Huge blow to May as two Brexit-backing ministers quit the Cabinet

Huge blow to May as two Brexit-backing ministers quit the Cabinet

Prime Minister Theresa May has said her draft agreement on Britain's departure from the European Union is the only way to avoid a no-deal Brexit as she faced political attacks from all sides, including a threat of a no-confidence vote from inside her own party.

Saying her deal is "in national interest" and calls on country to "unite behind" the deal.

"The people need to tell us: in the light of all we now know what do you want to do?" We can risk no Brexit at all.

Theresa May won the support of her cabinet for a draft European Union divorce deal but faces an anxious wait for a possible leadership challenge from angry Brexiteers.

At least 48 such letters from Conservative MPs are required to trigger a vote of no-confidence in the party leader, but a majority of the party's 315 lawmakers would have to vote against Mrs May in order for her to be ousted. He handed in a letter to the party's parliamentary committee in the House of Commons.

Amid feverish speculation about possible Cabinet resignations, Leave-backing Conservatives including Boris Johnson and Jacob Rees-Mogg called on ministers to reject the proposed agreement, which they fear could lock Britain in the EU's customs union indefinitely, blocking its ability to strike new trade deals elsewhere.

"I can not reconcile the terms of the proposed deal with the promises we made to the country in our manifesto", he said in his resignation letter.

In a bid to solidify her power and the stated goal of ensuring a "strong and stable" government would be seated at the Brexit negotiations, May called a general election for June 2017.

Allies of Theresa May have launched a desperate bid to woo rebel Tory MPs by floating the prospect of a better deal on Brexit, HuffPost UK has learned.

Brexit Secretary Dominic Raab - who only took over in the summer after David Davis resigned in protest over the Prime Minister's withdrawal strategy - said he "cannot in good conscience support the terms proposed for our deal with the EU".

She said: "Delivering Brexit involves hard choices for all of us..."


The quirky largely Protestant Northern Ireland party May's minority government relies on to stay in office has said it will vote against the draft Brexit agreement when it formally comes before Parliament next month.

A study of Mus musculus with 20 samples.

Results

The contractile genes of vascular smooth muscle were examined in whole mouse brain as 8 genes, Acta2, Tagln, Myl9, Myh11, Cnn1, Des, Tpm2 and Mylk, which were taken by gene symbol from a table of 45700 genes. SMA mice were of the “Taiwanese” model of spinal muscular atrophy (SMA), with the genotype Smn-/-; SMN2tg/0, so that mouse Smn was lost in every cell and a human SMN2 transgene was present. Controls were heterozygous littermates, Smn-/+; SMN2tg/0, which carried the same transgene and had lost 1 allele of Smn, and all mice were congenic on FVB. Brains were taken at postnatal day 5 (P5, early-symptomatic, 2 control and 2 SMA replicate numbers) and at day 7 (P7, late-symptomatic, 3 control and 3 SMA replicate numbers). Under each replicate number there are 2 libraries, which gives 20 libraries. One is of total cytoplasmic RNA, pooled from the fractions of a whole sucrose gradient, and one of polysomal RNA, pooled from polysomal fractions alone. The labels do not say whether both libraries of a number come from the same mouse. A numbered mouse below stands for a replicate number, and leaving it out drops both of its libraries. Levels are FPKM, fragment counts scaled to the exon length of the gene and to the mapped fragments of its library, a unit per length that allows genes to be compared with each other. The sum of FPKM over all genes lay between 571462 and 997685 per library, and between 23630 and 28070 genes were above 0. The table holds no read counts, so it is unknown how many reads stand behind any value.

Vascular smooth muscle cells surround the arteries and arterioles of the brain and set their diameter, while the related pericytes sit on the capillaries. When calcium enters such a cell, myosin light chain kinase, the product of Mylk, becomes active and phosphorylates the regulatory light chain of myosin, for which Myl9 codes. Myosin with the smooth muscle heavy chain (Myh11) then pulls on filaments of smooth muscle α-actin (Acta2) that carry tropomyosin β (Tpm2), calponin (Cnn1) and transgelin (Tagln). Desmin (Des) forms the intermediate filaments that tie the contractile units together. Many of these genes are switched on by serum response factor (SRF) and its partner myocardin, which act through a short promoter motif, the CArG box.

Health Secretary Matt Hancock told the BBC's Radio 4 that lawmakers should back the draft divorce agreement because the alternatives were "ugly". Failing that, the party said that it would consider all other options, including a second referendum.

Supporters of Brexit admit there may be some short-term pain for Britain's $2.9 trillion economy, but say that, in the long term, it will prosper when cut free from the EU - which they cast as a failing German-dominated experiment in European integration.

German Chancellor Angela Merkel said she was "very happy" that the European Union and Britain had reached a draft agreement but French Prime Minister Edouard Philippe warned the prospect of Britain crashing out without a deal was "still on the table".

So far MPs in the East of England have held their tongues as they wait for more detail over the Brexit agreement.

From the inception of Brexit talks, the Labour Party has made clear that any deal that doesn't meet a high standard of protections for workers in all regions of the United Kingdom would be emphatically rejected.

In a statement issued by City Hall, Khan, who backs a second referendum, said: "It's crystal clear that this is a bad deal for London and the United Kingdom that will worsen life chances and reduce the opportunities available to the next generation".

Labour said the Government was "falling apart before our eyes" and the pound dropped sharply after Mr Raab's resignation.

"It's devastating because he's been aware of all of these things and has clearly been raising these alarm bells with the prime minister, but it sounds like he has been ignored", he said. "Stop the clock and go back to Brussels".